The former NFL coach who once insisted he’s not going to be the Alabama coach would like to bring a little of the NFL to Alabama.
Nick Saban appeared recently on the Know Mercy podcast with Stephen A. Smith. Saban complained (again) about the new NIL reality of college football. And he expressed a preference for an NFL-style model to pay players.
“If we want to change the model of college football and follow the NFL model, what I would like to see — if that’s the case — is that we pay the players — everybody’s got a part of their scholarship that gives them so much money,” Saban said, via David Cobb of CBSSports.com. “But now you’re talking about making college student-athletes employees, and that in and of itself may have some issues that would have to be resolved. So you’re talking about a similar model to the NFL where you’ve got to get some sort of legal right to be able to do this.”
The problem is that there is no legal right for independent colleges to agree to collective rules for paying players. It would be a blatant antitrust violation.
That’s what opened the door to name, image, and likeness payments in the first place. The NCAA’s entire existence was shown to be, in many key respects, an antitrust violation. Dozens of independent universities hid under the NCAA umbrella, which drew strict limits on what any of them could give to players — and which affirmatively prevented those players from profiting from their own unique identities.
The colleges have been clamoring for some sort of federal legislation that will give them what the antitrust laws prevent. Basically, they want an exemption for laws that apply to everyone else.
So why does the NFL have a salary-cap model? It happens because the NFL’s players belong to a union that negotiates with what the law calls a “multi-employer bargaining unit.” No antitrust issues arise from having a salary cap and free-agency rules and a draft and other devices for dividing up the work force among 32 different businesses/teams in a fashion aimed at giving each one a fair shake.
Saban continues to whine about NIL because the current system hurts his ability to recruit. There’s only so much money he can shake from the Alabama booster tree, and plenty of it needs to go to the program, not the players. Other schools with bigger alumni bases and/or in bigger markets can get more money, both for the program and for the players.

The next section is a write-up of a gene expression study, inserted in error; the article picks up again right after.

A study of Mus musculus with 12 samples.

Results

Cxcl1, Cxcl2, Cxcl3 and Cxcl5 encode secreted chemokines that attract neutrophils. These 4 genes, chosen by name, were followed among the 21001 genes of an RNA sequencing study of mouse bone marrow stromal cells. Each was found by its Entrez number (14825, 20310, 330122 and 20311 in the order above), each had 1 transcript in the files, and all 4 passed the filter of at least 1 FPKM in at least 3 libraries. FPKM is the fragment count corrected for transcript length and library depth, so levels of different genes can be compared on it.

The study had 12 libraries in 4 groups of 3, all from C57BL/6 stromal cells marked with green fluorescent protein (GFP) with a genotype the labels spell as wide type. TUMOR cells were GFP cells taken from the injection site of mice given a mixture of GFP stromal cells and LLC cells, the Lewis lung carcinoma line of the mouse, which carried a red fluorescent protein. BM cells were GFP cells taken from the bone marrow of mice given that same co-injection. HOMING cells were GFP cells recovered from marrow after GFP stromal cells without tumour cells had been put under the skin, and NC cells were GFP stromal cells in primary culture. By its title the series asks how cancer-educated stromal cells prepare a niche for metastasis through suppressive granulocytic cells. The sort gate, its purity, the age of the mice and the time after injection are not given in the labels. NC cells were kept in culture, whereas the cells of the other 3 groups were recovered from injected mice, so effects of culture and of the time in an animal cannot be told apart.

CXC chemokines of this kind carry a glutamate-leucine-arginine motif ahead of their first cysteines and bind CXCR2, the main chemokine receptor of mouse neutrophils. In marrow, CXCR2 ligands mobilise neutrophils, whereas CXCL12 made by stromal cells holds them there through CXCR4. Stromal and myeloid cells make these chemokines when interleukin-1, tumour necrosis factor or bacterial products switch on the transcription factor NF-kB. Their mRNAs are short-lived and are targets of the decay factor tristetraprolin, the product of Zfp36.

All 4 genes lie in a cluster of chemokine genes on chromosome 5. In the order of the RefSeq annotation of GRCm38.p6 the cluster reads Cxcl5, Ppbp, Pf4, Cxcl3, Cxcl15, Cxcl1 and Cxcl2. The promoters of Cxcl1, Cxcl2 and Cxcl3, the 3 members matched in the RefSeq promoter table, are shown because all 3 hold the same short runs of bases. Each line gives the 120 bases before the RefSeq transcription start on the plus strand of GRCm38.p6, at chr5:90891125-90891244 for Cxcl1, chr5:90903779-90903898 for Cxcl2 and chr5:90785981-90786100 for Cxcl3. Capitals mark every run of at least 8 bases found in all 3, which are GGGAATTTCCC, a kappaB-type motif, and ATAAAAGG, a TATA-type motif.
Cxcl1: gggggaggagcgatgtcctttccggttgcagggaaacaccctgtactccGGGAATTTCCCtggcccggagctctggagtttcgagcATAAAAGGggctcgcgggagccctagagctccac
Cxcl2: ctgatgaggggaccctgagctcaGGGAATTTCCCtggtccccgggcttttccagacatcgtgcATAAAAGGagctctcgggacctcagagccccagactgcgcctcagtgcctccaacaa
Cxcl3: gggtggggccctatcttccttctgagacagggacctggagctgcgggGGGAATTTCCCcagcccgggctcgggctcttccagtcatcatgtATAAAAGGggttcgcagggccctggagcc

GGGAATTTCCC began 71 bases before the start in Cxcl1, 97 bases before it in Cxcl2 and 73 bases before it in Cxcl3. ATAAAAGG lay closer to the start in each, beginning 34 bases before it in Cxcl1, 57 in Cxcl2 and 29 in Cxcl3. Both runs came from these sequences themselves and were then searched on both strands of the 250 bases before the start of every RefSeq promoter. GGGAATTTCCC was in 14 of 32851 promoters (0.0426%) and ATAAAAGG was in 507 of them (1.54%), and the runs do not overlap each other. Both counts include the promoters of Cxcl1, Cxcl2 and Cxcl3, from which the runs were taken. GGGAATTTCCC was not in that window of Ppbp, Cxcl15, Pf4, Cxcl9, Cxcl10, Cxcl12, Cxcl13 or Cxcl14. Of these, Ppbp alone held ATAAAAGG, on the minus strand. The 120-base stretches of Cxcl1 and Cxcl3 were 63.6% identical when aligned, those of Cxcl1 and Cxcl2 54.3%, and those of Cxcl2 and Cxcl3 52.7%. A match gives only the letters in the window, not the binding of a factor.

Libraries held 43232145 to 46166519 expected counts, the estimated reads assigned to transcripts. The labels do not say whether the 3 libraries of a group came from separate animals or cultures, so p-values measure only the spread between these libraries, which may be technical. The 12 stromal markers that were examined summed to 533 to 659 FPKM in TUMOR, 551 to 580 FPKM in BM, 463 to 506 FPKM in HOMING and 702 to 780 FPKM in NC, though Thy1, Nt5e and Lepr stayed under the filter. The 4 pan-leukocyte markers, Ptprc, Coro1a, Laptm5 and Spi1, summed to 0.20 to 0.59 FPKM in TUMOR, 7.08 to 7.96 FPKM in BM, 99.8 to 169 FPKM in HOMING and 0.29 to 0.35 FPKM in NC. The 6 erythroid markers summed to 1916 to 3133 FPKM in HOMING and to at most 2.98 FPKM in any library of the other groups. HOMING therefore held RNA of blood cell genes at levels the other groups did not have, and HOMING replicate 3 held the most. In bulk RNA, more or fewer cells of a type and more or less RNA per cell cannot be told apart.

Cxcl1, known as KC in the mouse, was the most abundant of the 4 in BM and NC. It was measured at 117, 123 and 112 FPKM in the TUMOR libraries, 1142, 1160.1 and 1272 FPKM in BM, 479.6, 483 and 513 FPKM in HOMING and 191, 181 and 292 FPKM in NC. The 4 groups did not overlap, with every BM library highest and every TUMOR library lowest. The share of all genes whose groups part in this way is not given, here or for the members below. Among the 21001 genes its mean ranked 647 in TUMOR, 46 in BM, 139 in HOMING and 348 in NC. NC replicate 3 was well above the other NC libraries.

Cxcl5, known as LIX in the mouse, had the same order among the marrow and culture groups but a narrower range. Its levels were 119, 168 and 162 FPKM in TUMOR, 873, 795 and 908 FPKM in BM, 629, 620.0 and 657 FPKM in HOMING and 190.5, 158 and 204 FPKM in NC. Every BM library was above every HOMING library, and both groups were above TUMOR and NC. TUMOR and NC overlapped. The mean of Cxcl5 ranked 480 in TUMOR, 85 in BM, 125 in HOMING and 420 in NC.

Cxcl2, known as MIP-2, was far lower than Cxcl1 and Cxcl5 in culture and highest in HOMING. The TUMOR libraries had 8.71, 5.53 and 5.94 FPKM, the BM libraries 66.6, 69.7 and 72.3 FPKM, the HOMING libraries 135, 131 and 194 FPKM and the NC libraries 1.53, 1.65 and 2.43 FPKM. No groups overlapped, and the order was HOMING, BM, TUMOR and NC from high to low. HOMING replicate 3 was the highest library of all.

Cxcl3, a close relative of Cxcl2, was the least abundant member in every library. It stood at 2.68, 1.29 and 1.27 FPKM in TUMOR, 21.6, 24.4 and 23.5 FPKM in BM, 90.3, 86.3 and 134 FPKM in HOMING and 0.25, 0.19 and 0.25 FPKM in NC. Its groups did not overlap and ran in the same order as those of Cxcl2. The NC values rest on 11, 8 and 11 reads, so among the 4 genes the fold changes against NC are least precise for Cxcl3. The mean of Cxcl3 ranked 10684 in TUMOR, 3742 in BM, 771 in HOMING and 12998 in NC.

“[Name, image and likeness] wasn’t supposed to be me going to give a speech to raise money from alumni so we can get enough money in our collective so [we] can pay players,” Saban said, coming very close to acknowledge the fact that NIL requires him to rob Peter to pay Paul. “That’s not what it was supposed to be.”
What it was supposed to be was a way to eliminate a clear and obvious violation of the legal rights of the kids, something that happened for decades without any reckoning. When the bill finally became due after the protracted existence of an inherently corrupt system, things got a little chaotic. And, as we’ve said before, the NCAA and its schools have earned every ounce of the chaos they’re currently experiencing.
It’s a small price to pay for generations of screwing the student-athletes.
And so, as coaches like Nick Saban adjust to a new reality, we’ll periodically see their desperation morph into a cascading word salad of out-of-touch justifications for not letting players get everything they can.
“I’m happy that the players sort of have the opportunity to use their name, image and likeness to make money for themselves,” Saban said. “I think that’s great. But I always thought that you went to college to try and create value for your future in terms of doing well academically, being a good person, trying to develop a career as a player. . . . I don’t like the trend toward ‘How much money can I make while I’m in college?’ How much of a distraction is that to your ability to stay focused on the things you need to do to create value for your future?”
That’s right, Nick. Capitalism is good, when you’re the capitalist. It’s a “distraction” only when it detracts from your ability to capitalize on a system that gives you a free labor force without complicating your effort to separate more and more of your own compensation package from boosters who have only so much money to hand over.
Frankly, it would be funny if it wasn’t so pathetic to see multimillionaire coaches trying so hard to keep what they have that they’re willing to block players from getting every penny they deserve.